As parents and caregivers, we don’t need special training in science or engineering to help our child develop inquiry skills. Young kids love to experiment, explore, and figure out how the world works – and that is the heart of thinking like a scientist!

The Ruff Ruffman Show builds on this innate curiosity. Ruff and his friends engage in inquiry when they ask questions and observe, brainstorm and make predictions, and experiment and reflect on what they learn – just like our children! Here are several simple ways we can encourage our kids to think like scientists.

Let’s Observe
Observation is a bedrock skill for scientists: it’s the art of paying attention and noticing little details. Kids of all ages can build their
observation skills with simple activities such as

Nature Walk: Go on a nature walk near your home or in a local park – and slow down the pace! Stop to dig in the dirt and turn over a rock. Look for evidence of creature activity: tracks, droppings, nests, feathers, webs, holes, webs, cracked acorns, mounds, etc.
Five Senses: When you are on a walk, in a car or bus, in a store, or on the playground, play the “five senses game.”
What do you see?

What do you hear?

What do you smell?

What could you taste?

What textures can you feel?

Let’s Ask Questions
Kids’ questions are evidence of their deep curiosity. A one-year-old child’s first question is usually: “What’s that?” as they seek to name their world. As children get older, they starting asking “Why?” and “What will happen if . . . ?” A great response — especially if their questions are taxing your knowledge or patience – is simply, “Let’s find out!”

As adults, we can model asking questions and wondering out loud. This invites children to share in our inquiry and help us find answers. Even our everyday, seemingly mundane questions can be an opportunity to engage our kids in discovery and problem-solving. Here are a few questions I’ve explored with my five-year-old this week.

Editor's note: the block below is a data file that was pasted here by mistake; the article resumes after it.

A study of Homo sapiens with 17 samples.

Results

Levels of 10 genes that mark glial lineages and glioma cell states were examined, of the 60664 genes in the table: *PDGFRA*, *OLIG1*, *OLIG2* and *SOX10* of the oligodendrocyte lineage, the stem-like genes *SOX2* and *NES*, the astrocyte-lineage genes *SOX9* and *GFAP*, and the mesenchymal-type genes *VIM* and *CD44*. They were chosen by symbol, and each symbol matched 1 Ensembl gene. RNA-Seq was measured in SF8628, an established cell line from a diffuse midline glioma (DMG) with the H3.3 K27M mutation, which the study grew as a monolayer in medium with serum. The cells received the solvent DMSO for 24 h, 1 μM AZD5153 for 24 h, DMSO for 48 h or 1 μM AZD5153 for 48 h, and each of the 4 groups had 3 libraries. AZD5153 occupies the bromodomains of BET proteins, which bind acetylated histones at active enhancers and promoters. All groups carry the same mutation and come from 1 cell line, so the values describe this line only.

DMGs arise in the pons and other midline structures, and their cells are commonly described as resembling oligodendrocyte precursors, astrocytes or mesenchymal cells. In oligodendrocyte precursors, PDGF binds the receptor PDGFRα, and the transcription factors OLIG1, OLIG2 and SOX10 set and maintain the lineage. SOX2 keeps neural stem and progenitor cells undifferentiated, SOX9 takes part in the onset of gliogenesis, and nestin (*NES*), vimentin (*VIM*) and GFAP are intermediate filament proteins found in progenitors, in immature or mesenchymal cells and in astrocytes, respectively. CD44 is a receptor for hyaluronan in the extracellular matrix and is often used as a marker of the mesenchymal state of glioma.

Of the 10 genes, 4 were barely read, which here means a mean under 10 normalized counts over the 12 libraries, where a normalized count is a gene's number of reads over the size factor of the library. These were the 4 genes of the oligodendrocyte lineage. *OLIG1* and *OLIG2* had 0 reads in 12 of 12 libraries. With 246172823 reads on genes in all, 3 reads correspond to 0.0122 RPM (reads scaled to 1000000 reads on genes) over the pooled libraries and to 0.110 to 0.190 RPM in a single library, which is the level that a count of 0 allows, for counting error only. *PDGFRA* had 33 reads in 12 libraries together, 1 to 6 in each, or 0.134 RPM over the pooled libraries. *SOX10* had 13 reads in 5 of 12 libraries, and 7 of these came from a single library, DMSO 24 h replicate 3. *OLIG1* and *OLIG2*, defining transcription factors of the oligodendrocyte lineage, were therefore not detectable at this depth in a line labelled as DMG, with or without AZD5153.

• What’s the weather going to be like today? We walked outside, looked at the sky, and then looked at hourly pictures on a weather app. This led to an unexpected conversation about the phrase “heat index,” which she saw on the screen.
  • How am I going to reach the paper that fell behind the cabinet? When reaching didn’t work, she put double stick tape on a chopstick and snagged it. My problem inspired her to invent a solution!
  • What kind of snake just slithered behind that bush? We compared our memories of size and markings, and then visited an online identification site. It was a harmless garter snake (phew!).
  • What can I make with these five ingredients in the fridge? Answer: A sausage, carrot and broccoli omelet topped with a dollop of sour cream. Not a bad lunch.

Let’s Explore Cause and Effect
Science isn’t as much about success and failure as it is about cause and effect: “When I do this, what will happen?” Every “effect” or result can teach us something – even if it’s not the result we expected!

You don’t need science equipment to explore cause and effect. You just need to ask the question: “What will happen if . . . ?”

  • What will happen if we change the angle of the car ramp?
  • What will happen if we add more eggs to the pancake batter?
  • What will happen if we build the sandcastle closer to the waves?
  • What will happen if we plant one seed in the sun and one seed in the shade?
  • What will happen if we add a paper clip to the nose of the paper airplane?

Before experimenting to find the answer, take a moment to make a prediction about what might happen. Will the paperclip make the airplane fly further or take a nosedive? Will the ramp increase the speed of the cars? Which seed will sprout first?

Let’s Record Our Findings
Scientists take notes; they record data about their questions, their observations, and the results of their experiments and observations.

Turn a spiral notebook into a “science journal”: a dedicated space for children to record their observations. Younger kids can start by simply drawing pictures. As they get older, they can add labels and written observations.

Their science investigation notebook can be used to:

  • Record questions: Kids can keep a “curiosity list” of questions they have and topics they want to explore.
  • Record numbers: How high was their tallest block tower? How many ants were eating the marshmallow on the sidewalk? How many seconds did it take the car to go down the ramp? How high did the bean seed grow this week?
  • Sketch: Take the journal outside sketch a leaf, a bug, a rock, a web, a nest, or the phases of the moon.
  • Reflect on Investigations: What did they try? What did they think would happen? What actually happened?

As your children explore their world, a few words of encouragement from adults go a long way. Let them see your excitement and interest in their ideas. And if they are noisy and messy as they investigate and experiment, remember these wise words from Mister Rogers, “For children play is serious learning. Play is really the work of childhood.”